I am starting intern year in Anesthesiology soon and I've been away from anything clinical since September. I've enjoyed every second of spending time with my daughter and finishing up my public health degree. But, I'm terrified that I have forgotten everything.
1) My below average board scores and inability to remember basic concepts make me feel like the hiatus will be worse for me than the average medical student. I'm scared I won't be able to even recognize a MI.
2) Will I be able to be a mother and wife during residency or do I have to disappear for 4 years? I have ENT, colorectal surgery, and CT surgery the first three months. I'm worried that I won't be able to give my daughter or husband the attention they need, especially since I am a below average student (in terms of board exams and tests) who will need to put in more effort than other interns who are working to become confident, knowledgeable anesthesiologists.
Do I need to be reviewing a lot right now and if so, what's better: board review books (STEP 2/3) or clinically oriented books (pocket medicine, Marino's ICU)?
What strategies/coping methods did you use as an intern to balance the workload?
How do you deal with not seeing your family much? How do you prepare your husband/significant other for this transition?
What advice could you lend a student who has always struggled to keep up with medical knowledge, clinical skills, and family life until now?
I didn't have a family during training, and I don't know what studying resources are available these days, but I can share a piece of advice I got on the first day of residency: don't make any personal plans for the first 6 weeks. You will probably be tired and overwhelmed by everything you have to do and everything you have to learn. You will have to think consciously about every single thing you are doing -- things that will become automatic with practice -- and it does take a lot of mental energy. You will need extra time to rest and to get used to the new normal. It may sound like kind of extreme advice, but I found it very helpful.
The more help you can get with taking care of your baby, the better. See if you can also delegate other household duties that you may have taken on (cooking, cleaning, bill paying, etc.). Ideally your husband could do these things, but you could also get other family members to help or pay someone to do these tasks. After 6 weeks, you can see how things are going and readjust your time management if needed.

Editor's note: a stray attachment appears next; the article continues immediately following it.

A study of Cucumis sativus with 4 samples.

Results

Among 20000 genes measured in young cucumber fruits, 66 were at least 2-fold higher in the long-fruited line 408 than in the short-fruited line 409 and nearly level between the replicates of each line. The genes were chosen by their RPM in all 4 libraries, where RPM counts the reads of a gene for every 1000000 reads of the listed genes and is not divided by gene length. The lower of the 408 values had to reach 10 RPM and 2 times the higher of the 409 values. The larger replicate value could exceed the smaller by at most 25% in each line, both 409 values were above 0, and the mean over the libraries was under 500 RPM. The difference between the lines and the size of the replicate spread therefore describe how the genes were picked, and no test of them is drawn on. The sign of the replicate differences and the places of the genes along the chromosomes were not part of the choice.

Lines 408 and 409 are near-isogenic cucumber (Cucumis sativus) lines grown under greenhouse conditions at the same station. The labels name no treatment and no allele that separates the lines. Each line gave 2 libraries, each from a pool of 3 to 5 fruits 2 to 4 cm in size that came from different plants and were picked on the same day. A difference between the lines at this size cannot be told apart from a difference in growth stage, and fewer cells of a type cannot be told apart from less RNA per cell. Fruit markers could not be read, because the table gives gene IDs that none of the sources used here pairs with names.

As for preparing your husband, it might be good to make sure he knows how to do all the things that need to be done in your household. Make sure to leave him alone with the baby, if you haven't done that already, so that he can get comfortable with that. And just explain to him that any new intern needs to focus on work at first, and why you feel that you personally can't compromise your learning at this critical time. Tell him that it is not forever, and that you can reassess after 6 weeks.
I know you are not feeling confident right now, but the fact that you matched in anesthesia means that your program believes that you can be successful. Good luck!
Hi, I think those are all great suggestions from sahmd. I just want to add that you're starting a training program where there are junior residents, senior residents, and attendings to provide back-up and teaching. I remember being on maternity leave in the community after residency was completed (my second maternity leave) and realized it was much more a relief to return to clinical practice in a training setting (after my first maternity leave) than in a community Attending setting!
I'd recommend reviewing what's most relevant and clinically-oriented, so start with ENT, then colorectal and CT surgery. You'll still get to see your immediate family even if it's just snuggling up while falling asleep minutes later. You could let your friends know you'd like them to be supportive and patient when they don't hear from you for a while.
Thank you very much, sahmd. The advice about reassessing in 6 weeks is particularly helpful and I will most definitely set that as a goal for myself and my family
Recognizing that there is back up and support is reassuring, OnExtendedLeave. It sounds like reviewing clinically relevant information for ENT, colorectal, and CT surgery is my best option instead of studying general broad topics for Step 3 (OBGyn, Derm, etc). Thank you for the advice!